The Student Conservation Association's Online Community
I just got placed on the Rocky Mountain National Leadership Crew. I am trying to find others who also got placed their so we can chat about the awesome time we are going to have this summer. I am so excited!
I'm not on the Rocky Mountain leadership crew this summer (I've never actually been part of a leadership crew), but I was part of the Rocky Mountain National Crew last year and I can tell you, you are going to have a fantastic time! A few things that I learned about the rockies though:
First GET GOOD RAIN GEAR!!! This is especially important if you are going to be serving on the west side of the park (known as the wetter better side because though it's much less crowded they get a lot of rain). My crew served from july 14ish to August 3rd and it was a rare day that we didn't get hit by a massive thunderstorm around 2 pm. I suggest rain pants with zippers down the sides so you can easily pull them on in a hurry and open them up as vents when it's not actually raining but the weather still looks threatening. Also a pack cover is vital. The bigger the better.
We didn't have much of a problem with bugs. I think the sca gear list has a bug net on it, I brought one but never used it. Depending on where you are though and what month they could be a problem.
In general it's an incredible park. We saw moose on a number of occasions, at one point a mother and calf walked right through our campsite. I don't think we ever saw any bears but we did see evidence of one so they are definitely around. The first night at timber creek campground where we stayed before we hiked in to our base camp, a herd of elk almost walked right into our tent. All the park staff we met were absolutely awesome. We actually got visited by a huge group of park and SCA high ups including the superintendent of the park and the head of volunteers, they were all really nice and the head of volunteers brought us chocolate chip cookies!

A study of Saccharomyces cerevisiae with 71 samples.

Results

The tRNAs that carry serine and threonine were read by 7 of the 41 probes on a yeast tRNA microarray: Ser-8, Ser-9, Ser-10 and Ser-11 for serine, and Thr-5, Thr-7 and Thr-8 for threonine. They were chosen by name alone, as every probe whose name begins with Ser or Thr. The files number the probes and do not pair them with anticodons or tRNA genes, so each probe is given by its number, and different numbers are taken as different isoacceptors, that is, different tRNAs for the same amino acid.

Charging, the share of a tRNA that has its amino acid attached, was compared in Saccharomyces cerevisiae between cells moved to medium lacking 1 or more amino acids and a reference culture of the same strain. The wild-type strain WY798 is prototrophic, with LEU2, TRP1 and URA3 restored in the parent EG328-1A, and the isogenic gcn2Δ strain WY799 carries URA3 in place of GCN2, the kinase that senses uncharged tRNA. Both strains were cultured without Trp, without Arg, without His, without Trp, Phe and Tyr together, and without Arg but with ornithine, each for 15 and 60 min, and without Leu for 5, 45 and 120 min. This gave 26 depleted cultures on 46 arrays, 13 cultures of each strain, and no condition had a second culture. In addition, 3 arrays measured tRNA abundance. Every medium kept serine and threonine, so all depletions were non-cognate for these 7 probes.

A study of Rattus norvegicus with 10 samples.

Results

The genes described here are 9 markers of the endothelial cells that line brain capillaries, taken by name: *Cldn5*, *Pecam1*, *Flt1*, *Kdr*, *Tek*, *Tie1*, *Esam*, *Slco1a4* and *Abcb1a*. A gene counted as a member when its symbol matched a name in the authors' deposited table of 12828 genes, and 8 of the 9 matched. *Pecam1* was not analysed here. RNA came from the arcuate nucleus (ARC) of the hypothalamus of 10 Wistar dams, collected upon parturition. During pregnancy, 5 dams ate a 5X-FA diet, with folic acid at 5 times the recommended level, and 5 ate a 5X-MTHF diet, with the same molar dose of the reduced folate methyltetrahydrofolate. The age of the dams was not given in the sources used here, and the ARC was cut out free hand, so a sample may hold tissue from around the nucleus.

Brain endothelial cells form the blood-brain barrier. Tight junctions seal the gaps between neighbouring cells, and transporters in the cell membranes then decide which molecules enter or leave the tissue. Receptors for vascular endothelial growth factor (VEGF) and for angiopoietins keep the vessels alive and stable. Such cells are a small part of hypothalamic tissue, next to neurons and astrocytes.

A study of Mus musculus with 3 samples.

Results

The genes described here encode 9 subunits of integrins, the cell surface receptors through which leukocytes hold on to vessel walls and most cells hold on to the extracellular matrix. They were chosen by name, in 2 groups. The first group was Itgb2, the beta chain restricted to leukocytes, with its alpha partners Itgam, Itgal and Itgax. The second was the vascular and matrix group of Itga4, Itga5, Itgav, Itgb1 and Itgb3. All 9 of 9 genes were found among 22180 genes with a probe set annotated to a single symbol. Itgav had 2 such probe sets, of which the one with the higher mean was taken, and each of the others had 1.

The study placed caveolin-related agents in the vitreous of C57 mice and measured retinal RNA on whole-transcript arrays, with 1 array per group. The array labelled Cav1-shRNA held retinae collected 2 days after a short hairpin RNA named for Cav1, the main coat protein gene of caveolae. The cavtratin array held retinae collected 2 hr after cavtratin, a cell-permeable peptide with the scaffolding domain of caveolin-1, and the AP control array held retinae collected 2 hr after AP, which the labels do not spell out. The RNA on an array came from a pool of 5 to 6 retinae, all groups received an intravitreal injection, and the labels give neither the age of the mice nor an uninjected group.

Lastly I would say make sure you get up above tree line. We spent most of our crew between 9,000 and 10,000 feet but on one of the last mornings we got up at 2 am and hiked to the top of Comanche peak for sunrise. It was one of the most incredible experiences of my life. When we broke above tree line, we had an almost 360 degree view of the craggy mountains, the twinkling light of the stars made the snow that still hid, in the shadow of the peeks, glow eerily.
If you have any questions feel free to ask them.
I also got placed on the Rocky Mountain Leadership Crew!